A new study has found more than 60 people are sleeping rough on any given night in the Wollongong CBD and surrounding areas.
A recently conducted homeless street count was a collaboration between the IRT Foundation, Wollongong Homeless Hub and Wollongong City Council.
As part of Wollongong's first homeless street count, more than 50 volunteers from IRT and the Homeless Hub walked the streets of the CBD between 12am and 3am on February 19 this year to compile the data.
The study aimed to collect accurate data in the local area to improve homelessness solutions.
IRT Foundation manager Toby Dawson said people sleeping rough are often overlooked in the Census, which is a huge gap in data that could be assisting Illawarra homeless support services to develop better responses to homelessness according to need.
"Over 30 per cent of the rough sleepers we counted were in cars. Others were in tents, laying beneath awnings or alongside buildings, on benches or were awake sitting or walking around."
More than 600 people occupying beds in temporary shelters and homelessness hostels were also counted.
More than 50 per cent of these were staying in transitional accommodation, 15 per cent were in refuge housing and almost 10 per cent were in crisis accommodation.
The remainder were staying in other types of temporary housing.
People living in boarding houses, staying with friends or living in other forms of non-secure housing were not counted.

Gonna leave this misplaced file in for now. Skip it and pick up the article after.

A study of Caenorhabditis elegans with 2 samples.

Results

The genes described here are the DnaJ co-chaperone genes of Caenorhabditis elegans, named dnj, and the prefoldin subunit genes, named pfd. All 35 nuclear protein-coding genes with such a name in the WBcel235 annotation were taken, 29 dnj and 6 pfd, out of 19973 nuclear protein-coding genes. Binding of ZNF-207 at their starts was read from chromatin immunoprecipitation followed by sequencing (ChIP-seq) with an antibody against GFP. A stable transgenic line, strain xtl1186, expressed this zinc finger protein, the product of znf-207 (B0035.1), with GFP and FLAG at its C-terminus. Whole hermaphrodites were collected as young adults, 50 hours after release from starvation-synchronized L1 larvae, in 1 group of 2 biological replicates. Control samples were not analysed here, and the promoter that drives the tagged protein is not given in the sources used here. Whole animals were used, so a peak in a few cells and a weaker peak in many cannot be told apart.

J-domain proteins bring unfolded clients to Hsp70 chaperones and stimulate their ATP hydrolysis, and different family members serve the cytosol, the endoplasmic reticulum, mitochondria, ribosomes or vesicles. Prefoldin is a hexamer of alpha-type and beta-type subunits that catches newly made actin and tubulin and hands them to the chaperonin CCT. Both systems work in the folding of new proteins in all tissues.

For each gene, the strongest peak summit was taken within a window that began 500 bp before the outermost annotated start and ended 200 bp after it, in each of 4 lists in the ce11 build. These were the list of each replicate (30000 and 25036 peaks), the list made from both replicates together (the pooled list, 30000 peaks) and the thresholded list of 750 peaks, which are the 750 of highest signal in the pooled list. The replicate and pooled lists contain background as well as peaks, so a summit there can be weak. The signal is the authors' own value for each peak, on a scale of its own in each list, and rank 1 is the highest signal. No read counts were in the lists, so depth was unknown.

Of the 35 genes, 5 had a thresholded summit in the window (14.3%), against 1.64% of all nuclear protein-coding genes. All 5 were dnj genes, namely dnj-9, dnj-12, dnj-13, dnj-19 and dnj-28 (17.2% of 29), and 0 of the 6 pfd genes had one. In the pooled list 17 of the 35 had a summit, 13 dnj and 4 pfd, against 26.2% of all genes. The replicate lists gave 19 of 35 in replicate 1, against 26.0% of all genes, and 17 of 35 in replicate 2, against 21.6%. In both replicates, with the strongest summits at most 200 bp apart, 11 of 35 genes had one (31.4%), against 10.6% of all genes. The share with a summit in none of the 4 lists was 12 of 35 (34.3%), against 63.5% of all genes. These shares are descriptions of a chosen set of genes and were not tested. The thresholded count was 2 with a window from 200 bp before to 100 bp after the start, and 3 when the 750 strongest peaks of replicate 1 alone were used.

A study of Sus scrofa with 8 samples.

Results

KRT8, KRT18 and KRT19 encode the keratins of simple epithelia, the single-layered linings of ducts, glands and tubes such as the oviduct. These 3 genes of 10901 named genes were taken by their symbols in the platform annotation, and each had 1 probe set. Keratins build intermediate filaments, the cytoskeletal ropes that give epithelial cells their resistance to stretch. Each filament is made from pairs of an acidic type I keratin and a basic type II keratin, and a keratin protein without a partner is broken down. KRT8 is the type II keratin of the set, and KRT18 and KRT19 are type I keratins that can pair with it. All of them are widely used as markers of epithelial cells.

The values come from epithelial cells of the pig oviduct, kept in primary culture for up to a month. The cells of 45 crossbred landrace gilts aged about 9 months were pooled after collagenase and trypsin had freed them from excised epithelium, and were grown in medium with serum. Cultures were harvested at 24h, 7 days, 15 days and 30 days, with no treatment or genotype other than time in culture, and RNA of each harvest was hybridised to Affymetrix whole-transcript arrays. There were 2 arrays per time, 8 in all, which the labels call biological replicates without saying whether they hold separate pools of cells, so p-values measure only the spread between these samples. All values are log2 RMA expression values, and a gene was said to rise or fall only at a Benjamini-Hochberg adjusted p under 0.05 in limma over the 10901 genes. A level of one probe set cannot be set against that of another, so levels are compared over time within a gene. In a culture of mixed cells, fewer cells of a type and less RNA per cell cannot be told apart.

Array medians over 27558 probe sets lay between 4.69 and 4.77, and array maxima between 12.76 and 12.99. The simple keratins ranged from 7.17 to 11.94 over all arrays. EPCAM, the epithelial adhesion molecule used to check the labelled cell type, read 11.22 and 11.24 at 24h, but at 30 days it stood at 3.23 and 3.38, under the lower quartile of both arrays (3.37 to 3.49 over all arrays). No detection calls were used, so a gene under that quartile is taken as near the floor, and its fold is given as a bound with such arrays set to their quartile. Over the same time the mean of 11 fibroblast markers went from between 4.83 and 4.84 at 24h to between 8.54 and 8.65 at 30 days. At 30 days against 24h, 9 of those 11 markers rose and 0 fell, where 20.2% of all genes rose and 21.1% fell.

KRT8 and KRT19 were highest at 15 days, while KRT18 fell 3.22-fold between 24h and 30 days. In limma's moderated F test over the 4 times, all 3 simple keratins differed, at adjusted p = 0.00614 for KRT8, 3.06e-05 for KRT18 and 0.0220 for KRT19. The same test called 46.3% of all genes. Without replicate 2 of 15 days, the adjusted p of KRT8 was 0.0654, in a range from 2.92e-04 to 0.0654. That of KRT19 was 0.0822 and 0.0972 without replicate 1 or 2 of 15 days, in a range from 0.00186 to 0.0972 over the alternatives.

"Counting the numbers of people experiencing primary homelessness is only one method of collecting data, but it's an important one," Mr Dawson said.
"The data will be used to help homeless support services in the Illawarra better assist people in need.
"The results will also be used to advocate to state and federal governments for the resources necessary to achieve long-term solutions to homelessness."
Wollongong Lord Mayor Gordon Bradbery said council recognised there are people living rough in the city, and wanted to ensure the decisions they were making as an organisation will also help to support them.
"This data will provide evidence to support council and other agencies to address the issues around homelessness," Cr Bradbery said.
"It's not just about shelter, it's about unemployment, mental health and affordable housing. This allows us to plan for the diverse needs of socially disadvantaged people in the community.
"We'll also use the data to work with state government agencies and with emergency, short and long-term accommodation service providers who support and assist homeless people."